Of Particular Significance

Meteor Showers: Some Facts

Meteors occur anywhere on any night of the year. But sometimes there are far more of them. These increases in meteor rates are due to the Earth encountering a relatively narrow stream of small dust grains and small pebbles. We refer to the abundant meteors seen in these encounters as “meteor showers.”

During an active meteor shower like the Perseids or Gemenids, dozens of meteors may enter the atmosphere each minute; individual observers may see one or more of them per minute.

A Little Terminology

A visible meteor (the moving dot in the sky that often leaves a trail behind it) occurs when a stone (called a meteoroid), usually no larger than a small pebble, enters the Earth’s atmosphere roughly 100 km (60 miles) above the ground. As the meteoroid proceeds, friction from air molecules heats it to high temperature, causing the air around it to glow. This glow is what creates the bright dot seen from the Earth’s surface, and it remains visible until the meteoroid has largely vaporized, usually while still at a high altitude of at least 50 km (30 miles). [Occasionally, larger objects survive their fall and hit the Earth; but these meteorites are rare and not our focus here.]

A Basic Illusion

As illustrated by the photographs in Fig. 1, meteors traveling in parallel and arriving at Earth appear as though emerging from a “vanishing point”, just as is seen in straight railway tracks coming a distance. Meteors further from the radiant appear to have longer trails.

Figure 1: (Left) Parallel tracks appear to emerge from a vanishing point. (Right) Parallel meteors also appear to emerge from a vanishing point, called the “radiant” , as seen in this long-exposure, all-sky image. (Meteor image credit: Berkó Ernő)

This is evidence that meteor showers arise from a horde of small stones all following the same path. As noted in more detail here, Newton’s understanding of gravity implies that the meteoroids in a shower must all have essentially the same speed and direction, to a good approximation. Otherwise they would spread out rapidly, the stream of particles would diffuse away, and no meteor shower would be seen.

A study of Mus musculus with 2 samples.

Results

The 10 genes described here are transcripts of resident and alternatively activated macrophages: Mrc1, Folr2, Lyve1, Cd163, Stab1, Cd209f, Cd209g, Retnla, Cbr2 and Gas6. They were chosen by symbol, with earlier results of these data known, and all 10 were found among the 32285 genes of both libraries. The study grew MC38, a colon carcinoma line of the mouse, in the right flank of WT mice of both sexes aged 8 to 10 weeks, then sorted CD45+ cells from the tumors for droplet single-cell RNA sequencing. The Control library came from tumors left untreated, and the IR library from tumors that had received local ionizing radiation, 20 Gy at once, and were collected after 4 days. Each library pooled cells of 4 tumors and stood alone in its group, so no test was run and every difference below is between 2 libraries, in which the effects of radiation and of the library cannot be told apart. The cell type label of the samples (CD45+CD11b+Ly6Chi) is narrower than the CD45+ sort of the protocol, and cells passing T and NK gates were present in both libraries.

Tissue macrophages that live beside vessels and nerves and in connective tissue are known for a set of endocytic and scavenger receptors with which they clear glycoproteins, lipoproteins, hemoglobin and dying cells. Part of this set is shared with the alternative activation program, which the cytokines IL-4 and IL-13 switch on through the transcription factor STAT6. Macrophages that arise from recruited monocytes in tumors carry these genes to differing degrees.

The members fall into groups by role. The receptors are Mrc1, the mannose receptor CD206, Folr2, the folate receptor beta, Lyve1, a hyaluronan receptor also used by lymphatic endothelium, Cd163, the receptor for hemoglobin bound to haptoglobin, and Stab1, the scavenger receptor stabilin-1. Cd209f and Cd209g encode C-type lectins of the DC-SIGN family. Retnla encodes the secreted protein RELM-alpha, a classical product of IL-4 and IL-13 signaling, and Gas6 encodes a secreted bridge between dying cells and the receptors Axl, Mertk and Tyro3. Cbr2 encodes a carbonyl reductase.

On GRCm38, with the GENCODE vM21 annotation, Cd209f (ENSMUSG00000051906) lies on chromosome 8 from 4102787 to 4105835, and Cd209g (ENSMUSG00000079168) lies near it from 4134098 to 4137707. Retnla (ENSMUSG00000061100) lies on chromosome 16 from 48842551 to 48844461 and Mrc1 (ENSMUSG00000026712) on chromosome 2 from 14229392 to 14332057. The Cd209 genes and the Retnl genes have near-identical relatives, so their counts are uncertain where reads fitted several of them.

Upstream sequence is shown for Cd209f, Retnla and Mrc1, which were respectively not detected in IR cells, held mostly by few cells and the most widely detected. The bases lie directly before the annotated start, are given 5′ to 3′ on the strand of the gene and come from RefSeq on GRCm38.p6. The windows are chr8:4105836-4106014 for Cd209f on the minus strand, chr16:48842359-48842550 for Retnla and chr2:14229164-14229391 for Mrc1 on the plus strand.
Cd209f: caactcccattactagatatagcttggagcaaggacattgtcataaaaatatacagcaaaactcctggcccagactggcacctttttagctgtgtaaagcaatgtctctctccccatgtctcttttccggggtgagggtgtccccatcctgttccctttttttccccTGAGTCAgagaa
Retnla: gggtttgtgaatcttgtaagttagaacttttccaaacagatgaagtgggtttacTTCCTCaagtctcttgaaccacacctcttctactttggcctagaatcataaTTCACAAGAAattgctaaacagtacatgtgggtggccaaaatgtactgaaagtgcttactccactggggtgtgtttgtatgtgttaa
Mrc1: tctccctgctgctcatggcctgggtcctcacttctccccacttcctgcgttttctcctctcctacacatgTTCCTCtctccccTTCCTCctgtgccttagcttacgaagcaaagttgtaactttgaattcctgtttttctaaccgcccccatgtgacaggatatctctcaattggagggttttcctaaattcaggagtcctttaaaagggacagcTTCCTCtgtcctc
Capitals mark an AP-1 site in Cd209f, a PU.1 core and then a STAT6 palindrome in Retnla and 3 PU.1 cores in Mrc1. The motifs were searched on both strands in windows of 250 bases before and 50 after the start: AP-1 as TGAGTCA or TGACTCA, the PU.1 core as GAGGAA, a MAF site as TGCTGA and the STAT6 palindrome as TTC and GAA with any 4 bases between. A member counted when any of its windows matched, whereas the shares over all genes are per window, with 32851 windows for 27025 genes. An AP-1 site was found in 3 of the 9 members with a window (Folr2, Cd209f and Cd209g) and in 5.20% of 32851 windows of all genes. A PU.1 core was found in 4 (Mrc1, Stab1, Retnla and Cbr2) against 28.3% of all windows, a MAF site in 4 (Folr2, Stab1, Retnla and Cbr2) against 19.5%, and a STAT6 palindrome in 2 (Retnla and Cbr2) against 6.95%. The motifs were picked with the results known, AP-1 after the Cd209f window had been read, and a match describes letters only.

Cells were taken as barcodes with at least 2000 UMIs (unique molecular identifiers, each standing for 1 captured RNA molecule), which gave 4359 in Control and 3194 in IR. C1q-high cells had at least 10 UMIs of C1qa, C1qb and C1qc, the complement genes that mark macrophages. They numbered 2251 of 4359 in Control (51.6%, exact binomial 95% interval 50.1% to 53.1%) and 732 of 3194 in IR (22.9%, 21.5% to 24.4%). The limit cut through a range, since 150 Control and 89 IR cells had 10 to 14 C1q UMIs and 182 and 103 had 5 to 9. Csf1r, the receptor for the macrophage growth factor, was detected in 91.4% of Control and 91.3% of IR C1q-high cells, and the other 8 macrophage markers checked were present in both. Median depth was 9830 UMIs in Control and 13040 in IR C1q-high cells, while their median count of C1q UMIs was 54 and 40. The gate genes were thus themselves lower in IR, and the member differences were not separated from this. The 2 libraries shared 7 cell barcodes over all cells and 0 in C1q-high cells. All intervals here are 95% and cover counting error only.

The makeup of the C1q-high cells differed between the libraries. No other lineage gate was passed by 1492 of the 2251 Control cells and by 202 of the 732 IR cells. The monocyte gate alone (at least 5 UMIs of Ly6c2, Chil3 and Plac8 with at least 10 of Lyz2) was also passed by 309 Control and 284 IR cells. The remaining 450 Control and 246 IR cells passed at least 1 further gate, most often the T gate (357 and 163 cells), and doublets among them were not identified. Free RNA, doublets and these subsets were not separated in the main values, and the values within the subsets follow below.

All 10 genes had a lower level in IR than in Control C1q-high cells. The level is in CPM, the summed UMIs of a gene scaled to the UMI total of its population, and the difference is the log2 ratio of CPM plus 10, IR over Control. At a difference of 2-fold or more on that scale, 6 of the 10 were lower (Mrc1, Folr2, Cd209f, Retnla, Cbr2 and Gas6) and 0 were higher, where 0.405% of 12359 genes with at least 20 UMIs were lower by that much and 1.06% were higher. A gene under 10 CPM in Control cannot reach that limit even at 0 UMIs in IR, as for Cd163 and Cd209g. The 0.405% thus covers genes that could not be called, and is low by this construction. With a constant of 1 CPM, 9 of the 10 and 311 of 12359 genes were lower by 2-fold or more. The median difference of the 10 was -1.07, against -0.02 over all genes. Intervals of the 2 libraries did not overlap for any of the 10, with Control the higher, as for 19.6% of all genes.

On average, one observes a difference between meteors after midnight compared to those before midnight. The cause is partly as illustrated in Fig. 2. Between your midnight and noon, you are located on the forward half of the Earth — that is, the half that points in the direction of the Earth’s motion around the Sun. (This can be inferred by watching the motion of the other planets, all of which move around the Sun in the same direction as the Earth.) So when it is after midnight but before sunrise, you are standing in the dark forward quadrant of the Earth. For reasons explained here, the majority of meteor showers have a radiant that is overhead after midnight rather than before.

Figure 2: As the Earth orbits the Sun (green arrow) it rotates so that the side of the Earth that is seeing sunrise is facing forward in the direction of Earth’s motion, while that seeing sunset faces backward.

Because of this, meteors in showers more often more often emerge from radiants that are overhead after midnight. For such showers, a purely geometric effect implies (see Fig. 3) that somewhat fewer meteors will pass over your head before midnight into your field of view than will do so after midnight. However, those fewer pre-midnight meteors, which strike the edge of the Earth and are called “Earth-grazers”, will often make longer trails, and their altitudes will decrease more slowly, then post-midnight meteors. They are particularly useful for measuring meteors’ speeds.

Figure 3: The meteors in a meteor shower all travel in the same direction. As seen from the red dot, the meteors’ tracks will seem to splay outward from a point overhead (left inset). By comparison, a person at the green dot will see fewer meteors with longer tracks. These are known as Earth-grazers, as they almost miss the Earth’s atmosphere, and they will splay from a point near the horizon (right inset.) In many showers, the radiant is overhead well after midnight, and in that case, the green dot is representative of one’s view before midnight, while the red dot is representative after midnight.

Sometimes it is incorrectly stated that pre-midnight meteors are slower than post-midnight meteors due to the “rain-on-the-windshield effect”, but this is not correct: all the meteors in a single shower have just about the same speed. (The “bugs-on-the-windshield” analogy is even more incorrect, because bugs move much more slowly than cars, while meteors move faster than the Earth.) What is true, however, is that meteors in meteor showers that arrive from pre-midnight directions are slower than meteors in meteor showers that arrive from post-midnight directions. The reason for this is explained on this webpage.